Pakistan has deployed the army to guard the country's parliament in Islamabad and the government "red zone" area in the face of a planned mass anti-government protest, officials have said.
The interior minister, Chaudhury Nisar Ali Khan, made the announcement on Tuesday, as opposition politician Imran Khan vowed he and thousands of his supporters will march toward the government quarter in the coming hours.
"There will be four layers of security in the red zone with police in the front, followed by frontier constabulary, rangers and the army. The army would ensure security of the sensitive buildings in the red zone," the state-run Radio Pakistan quoted the interior minister as saying.
The government has said Khan and Tahir ul-Qadri - a Muslim leader who is leading a separate anti-government rally - are free to protest peacefully but will not be allowed to enter the red zone - home to many Western embassies, the supreme court and government ministries.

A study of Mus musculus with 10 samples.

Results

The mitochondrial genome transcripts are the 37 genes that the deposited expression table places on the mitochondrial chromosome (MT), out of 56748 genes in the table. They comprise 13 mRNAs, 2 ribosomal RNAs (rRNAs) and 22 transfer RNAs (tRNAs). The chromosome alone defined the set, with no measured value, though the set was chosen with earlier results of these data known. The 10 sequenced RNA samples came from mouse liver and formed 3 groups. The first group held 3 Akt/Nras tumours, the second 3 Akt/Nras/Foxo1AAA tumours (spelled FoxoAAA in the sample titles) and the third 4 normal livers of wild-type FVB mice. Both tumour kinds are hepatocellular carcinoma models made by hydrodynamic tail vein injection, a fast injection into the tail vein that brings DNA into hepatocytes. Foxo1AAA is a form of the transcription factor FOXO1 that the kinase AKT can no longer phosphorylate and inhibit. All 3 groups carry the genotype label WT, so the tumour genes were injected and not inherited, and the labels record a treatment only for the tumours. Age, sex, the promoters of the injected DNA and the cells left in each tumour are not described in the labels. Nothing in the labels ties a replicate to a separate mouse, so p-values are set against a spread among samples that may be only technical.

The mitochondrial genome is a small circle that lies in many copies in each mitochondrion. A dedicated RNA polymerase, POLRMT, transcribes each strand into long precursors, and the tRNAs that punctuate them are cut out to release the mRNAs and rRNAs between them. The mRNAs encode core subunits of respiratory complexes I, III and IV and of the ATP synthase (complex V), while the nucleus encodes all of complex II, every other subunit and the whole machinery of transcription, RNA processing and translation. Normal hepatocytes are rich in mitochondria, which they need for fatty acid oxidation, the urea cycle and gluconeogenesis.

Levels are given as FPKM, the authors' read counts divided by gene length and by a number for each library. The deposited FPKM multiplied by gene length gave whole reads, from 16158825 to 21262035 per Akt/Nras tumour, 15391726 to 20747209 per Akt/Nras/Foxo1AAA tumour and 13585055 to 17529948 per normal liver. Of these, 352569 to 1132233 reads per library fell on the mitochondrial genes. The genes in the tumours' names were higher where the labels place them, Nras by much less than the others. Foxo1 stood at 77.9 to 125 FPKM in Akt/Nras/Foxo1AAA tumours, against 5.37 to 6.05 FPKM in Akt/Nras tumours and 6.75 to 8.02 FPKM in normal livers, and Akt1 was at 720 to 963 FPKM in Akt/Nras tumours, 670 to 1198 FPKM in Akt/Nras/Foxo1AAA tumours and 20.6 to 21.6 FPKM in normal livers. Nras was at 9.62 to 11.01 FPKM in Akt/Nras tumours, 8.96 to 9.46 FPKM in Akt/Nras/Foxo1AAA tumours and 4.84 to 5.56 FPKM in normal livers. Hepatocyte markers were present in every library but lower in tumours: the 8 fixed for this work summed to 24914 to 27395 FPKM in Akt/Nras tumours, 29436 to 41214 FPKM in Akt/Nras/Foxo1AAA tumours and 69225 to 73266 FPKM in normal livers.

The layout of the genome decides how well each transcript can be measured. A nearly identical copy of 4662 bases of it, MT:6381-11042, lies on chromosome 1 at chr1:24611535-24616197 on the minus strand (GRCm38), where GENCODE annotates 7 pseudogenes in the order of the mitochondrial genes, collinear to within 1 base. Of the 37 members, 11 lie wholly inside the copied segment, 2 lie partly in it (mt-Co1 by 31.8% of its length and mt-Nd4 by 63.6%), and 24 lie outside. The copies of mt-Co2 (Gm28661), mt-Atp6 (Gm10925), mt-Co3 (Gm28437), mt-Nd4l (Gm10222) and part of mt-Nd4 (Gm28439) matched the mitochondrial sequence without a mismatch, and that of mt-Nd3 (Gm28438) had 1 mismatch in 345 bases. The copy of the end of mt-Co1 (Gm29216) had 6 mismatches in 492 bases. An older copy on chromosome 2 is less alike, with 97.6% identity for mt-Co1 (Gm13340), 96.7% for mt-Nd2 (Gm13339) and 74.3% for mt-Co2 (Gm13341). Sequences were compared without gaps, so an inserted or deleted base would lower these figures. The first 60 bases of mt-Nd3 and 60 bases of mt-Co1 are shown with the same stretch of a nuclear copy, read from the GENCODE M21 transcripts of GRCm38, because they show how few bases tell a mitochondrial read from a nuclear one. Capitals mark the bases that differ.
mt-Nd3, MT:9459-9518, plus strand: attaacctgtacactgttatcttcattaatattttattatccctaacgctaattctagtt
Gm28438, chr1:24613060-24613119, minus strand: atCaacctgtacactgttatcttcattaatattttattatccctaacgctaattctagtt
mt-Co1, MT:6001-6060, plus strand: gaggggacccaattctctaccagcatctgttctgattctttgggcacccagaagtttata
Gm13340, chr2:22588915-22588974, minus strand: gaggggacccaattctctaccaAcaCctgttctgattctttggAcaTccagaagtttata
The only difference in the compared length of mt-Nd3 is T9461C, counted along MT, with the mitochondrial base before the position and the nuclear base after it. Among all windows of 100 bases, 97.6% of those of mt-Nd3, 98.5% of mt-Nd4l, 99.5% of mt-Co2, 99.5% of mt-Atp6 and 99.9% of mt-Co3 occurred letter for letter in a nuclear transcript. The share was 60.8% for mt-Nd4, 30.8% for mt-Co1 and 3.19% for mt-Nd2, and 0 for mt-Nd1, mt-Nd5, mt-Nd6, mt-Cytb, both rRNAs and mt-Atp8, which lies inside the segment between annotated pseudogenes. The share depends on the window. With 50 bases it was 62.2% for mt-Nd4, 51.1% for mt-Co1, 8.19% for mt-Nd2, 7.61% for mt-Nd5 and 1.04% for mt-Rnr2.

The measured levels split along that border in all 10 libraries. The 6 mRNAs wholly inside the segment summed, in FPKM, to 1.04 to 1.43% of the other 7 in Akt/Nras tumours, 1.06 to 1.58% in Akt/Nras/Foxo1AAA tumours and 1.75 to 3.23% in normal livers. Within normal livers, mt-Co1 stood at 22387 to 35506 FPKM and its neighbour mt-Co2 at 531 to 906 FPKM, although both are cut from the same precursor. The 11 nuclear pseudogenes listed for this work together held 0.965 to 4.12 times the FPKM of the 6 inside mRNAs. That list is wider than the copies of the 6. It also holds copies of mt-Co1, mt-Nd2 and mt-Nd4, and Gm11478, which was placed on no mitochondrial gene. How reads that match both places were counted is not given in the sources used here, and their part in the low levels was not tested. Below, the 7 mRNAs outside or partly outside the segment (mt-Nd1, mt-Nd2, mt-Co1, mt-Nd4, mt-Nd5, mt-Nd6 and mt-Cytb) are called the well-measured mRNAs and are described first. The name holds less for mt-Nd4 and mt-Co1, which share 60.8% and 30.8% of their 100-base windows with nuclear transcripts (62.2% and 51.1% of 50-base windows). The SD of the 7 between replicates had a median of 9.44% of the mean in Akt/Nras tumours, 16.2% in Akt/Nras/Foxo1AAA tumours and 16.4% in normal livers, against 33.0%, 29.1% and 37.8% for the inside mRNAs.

Qadri and Khan are demanding Nawaz Sharif, the prime minister, step down over alleged fraud in last year's election.
Pakistani television channels showed live footage of the troops taking up positions - a first time for a civilian government in Pakistan's history.
Qadri has said that his supporters have decided to march peacefully on parliament to try to force the prime minister to resign, the Reuters news agency reported.
Tahir ul-Qadri said a "people's parliament" has decided to march after he asked the crowd several times if they wanted "a true democracy" and "no terrorism" and they shouted "yes".
Khan has also said his supporters would march on parliament at any cost - even if it cost lives.
Qadri has tens of thousands of supporters in the capital. Most of the men carry stout sticks and some have masks to protect them from tear gas. Many women are also attending his rally.